Looming state government shutdown would see benefits for low-income seniors cut
JUNEAU, Alaska (KTUU) - A looming state government shutdown has some seniors groups nervous.
On the chopping block is a benefits program for low-income Alaska seniors. More than 11,000 older Alaskans receive that monthly payment.
Marge Stoneking, a spokesperson for the Alaska chapter of the American Association of Retired Persons, said that benefit is a critical part of the senior safety net. She doesn’t know what will happen to the payments during a potential shutdown.
“It’s intended to help keep our elders, 65-plus, low-income folks, in their homes for as long as possible,” she said. “There is no discretionary spending when one is at the poverty level.”
Nona Safra, an advocate for Alaska seniors, is concerned, too. Low-income seniors can receive between $76 a month and $250 per month under the benefit program.
The monthly payment was temporarily cut by Dunleavy two years ago, causing widespread outrage before being restored.
Safra advises seniors to be prepared now and assume that the Legislature does not resolve the budget impasse before July 1. She said impacted seniors should go to the Department of Fish and Game and get proxy fishing approval. They can also go to food banks and seniors centers for help, she added.
There would be dozens of other impacts of a shutdown. Alaska State Parks would close and so would Division of Motor Vehicles offices, stopping Alaskans from renewing their driver’s licenses.
“Well, we’re going to have a lot of law-abiding citizens who are not going to be able to abide by the law, won’t we?” Safra said.
Another impact could be on property sales. The recorder’s office at the Department of Natural Resources would be offline, which may stop people from finalizing sales of homes and property.
Dan Saddler, a spokesperson for the department, said registering a home sale with the state is not legally required.
“However, the recorder’s office clients are the title insurance companies who make their money verifying that titles to real property considered for transactions are clear and unencumbered,” he added.
The title insurance industry would effectively be left to decide what to do, Saddler said, and the department doesn’t know what would happen if the recorder’s office closes.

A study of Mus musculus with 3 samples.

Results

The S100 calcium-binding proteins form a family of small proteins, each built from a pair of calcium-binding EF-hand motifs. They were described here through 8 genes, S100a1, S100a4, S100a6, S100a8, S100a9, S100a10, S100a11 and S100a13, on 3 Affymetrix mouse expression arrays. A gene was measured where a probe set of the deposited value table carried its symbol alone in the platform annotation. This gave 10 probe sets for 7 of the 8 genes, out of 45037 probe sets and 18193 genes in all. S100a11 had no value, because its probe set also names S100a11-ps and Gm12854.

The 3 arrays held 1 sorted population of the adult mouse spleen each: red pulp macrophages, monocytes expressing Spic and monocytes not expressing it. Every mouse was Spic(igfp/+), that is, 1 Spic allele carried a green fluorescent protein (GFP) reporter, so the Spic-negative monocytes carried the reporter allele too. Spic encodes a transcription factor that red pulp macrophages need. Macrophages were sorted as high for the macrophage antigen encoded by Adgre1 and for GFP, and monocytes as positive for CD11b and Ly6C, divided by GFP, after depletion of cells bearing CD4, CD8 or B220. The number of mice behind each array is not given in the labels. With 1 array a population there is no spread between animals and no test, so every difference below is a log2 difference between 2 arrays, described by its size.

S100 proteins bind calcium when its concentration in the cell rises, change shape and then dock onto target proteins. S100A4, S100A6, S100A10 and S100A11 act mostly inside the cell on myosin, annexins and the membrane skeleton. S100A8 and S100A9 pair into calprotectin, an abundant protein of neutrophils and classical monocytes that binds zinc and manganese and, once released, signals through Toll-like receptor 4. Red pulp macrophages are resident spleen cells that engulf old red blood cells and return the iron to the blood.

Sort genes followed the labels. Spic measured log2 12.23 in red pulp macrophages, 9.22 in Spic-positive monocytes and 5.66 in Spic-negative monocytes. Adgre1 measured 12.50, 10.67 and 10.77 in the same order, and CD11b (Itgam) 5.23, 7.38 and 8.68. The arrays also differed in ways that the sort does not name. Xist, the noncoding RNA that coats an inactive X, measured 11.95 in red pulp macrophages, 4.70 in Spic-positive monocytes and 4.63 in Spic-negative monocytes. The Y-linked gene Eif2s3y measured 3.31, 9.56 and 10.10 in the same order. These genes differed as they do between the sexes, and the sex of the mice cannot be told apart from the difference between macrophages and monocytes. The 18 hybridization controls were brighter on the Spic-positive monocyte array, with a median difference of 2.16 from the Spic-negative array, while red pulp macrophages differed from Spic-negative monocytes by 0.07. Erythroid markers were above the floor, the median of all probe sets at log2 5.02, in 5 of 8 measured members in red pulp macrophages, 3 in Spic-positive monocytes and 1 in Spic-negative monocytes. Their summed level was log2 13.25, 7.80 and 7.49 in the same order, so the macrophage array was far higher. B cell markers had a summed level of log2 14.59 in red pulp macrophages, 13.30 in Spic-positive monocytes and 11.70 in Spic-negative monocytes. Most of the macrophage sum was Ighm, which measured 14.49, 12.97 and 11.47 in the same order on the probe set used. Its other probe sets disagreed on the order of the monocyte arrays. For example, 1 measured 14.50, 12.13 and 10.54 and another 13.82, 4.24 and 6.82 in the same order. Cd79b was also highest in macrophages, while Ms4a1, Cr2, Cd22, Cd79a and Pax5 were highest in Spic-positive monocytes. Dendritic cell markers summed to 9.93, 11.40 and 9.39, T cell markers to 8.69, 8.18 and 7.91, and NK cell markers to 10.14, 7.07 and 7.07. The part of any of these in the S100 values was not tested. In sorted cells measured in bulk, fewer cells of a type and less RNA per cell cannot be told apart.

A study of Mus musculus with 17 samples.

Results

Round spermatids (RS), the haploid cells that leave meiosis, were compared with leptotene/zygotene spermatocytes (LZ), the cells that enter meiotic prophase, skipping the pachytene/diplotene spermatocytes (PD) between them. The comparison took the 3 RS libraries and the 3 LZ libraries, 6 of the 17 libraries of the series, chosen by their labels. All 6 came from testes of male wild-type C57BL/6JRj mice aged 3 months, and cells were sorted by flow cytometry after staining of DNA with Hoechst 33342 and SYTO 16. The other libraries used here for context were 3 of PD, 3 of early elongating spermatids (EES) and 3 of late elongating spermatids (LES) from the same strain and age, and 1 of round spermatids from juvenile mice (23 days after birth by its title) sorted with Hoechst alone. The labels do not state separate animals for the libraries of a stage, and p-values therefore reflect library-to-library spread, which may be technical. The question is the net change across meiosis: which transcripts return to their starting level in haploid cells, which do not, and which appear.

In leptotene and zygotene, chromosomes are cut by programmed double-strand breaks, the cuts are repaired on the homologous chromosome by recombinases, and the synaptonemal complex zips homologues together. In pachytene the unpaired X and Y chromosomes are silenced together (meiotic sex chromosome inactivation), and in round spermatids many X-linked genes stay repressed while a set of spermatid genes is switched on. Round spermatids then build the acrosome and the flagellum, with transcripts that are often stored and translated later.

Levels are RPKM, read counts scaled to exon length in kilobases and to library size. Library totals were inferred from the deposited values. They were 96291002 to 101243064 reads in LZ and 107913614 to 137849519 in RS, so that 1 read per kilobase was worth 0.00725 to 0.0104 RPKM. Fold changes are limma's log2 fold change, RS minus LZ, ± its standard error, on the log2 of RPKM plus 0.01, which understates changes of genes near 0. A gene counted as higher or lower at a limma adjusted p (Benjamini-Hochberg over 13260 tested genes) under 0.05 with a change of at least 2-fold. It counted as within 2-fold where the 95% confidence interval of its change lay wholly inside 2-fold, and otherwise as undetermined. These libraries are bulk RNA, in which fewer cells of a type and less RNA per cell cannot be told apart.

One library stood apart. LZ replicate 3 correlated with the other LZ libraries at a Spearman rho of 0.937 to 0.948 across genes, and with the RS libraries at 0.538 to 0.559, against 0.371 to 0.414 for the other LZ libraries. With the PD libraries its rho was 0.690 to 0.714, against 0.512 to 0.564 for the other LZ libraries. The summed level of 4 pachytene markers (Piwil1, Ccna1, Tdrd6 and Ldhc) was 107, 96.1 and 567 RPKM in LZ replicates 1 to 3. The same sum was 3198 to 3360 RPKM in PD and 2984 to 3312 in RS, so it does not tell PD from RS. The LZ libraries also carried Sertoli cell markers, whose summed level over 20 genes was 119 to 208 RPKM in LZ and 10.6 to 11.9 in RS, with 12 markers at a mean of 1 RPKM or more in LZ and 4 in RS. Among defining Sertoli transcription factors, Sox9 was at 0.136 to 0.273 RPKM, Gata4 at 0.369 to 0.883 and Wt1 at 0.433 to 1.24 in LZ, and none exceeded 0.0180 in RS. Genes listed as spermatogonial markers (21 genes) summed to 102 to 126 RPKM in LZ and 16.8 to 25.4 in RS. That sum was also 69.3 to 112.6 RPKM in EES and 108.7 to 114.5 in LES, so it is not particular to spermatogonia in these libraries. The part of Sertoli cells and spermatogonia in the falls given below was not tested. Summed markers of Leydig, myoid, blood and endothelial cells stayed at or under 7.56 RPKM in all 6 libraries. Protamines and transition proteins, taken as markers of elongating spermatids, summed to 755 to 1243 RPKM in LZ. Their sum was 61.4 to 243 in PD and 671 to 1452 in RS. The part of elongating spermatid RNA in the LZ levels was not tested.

The budget impasse comes because the Dunleavy administration says it can’t spend from a “defective” budget during the next fiscal year due to a failed procedural vote in the House of Representatives. It has sued a legislative agency to defend that position.
At the same time, the administration is planning to fund some “essential services” if a shutdown does occur, spending from that same “defective budget.”
Neil Steininger, the director of the Office of Management and Budget, said the administration is facing a balancing act of constitutional obligations. The state can’t spend money from the budget, but it also has to spend from that budget to ensure life, health and safety are protected during a shutdown.
The state released a list of critical state services on Wednesday evening that would be impacted by a government shutdown. Many agencies would see “partial shutdowns” or “reduced staffing levels.”
The choice of which state services would keep being delivered and which would stop has raised some eyebrows about what is considered essential to Alaskans’ life, health and safety.
Some state agencies, such as the Alaska Highway System, would be fully operational during a shutdown. The investment managers of the Permanent Fund would also be called back to work.
The Dunleavy administration says that commercial and sports fisheries would be operating normally, too.
Nicole Kimball, a spokesperson for the Pacific Seafood Processors Association, urged legislators to avert a shutdown. She said any disruption to commercial fisheries, however brief, with state biologists being recalled would be devastating, particularly for Bristol Bay at the peak of the sockeye salmon run.
Kate Sheehan, the director of the Division of Personnel and Labor Relations with the Department of Administration, said the state is compiling an exact number of employees who would be laid off.
Currently, leave would be cashed for thousands of those impacted state employees if a shutdown occurs. That could cost the state as much as $190 million, Sheehan said.
Correction: The article originally said the state government shutdown will stop people from finalizing sales of homes and property. That may or may not be case, depending on title companies.
Editor’s note: A quote from Nona Safra was moved in the story.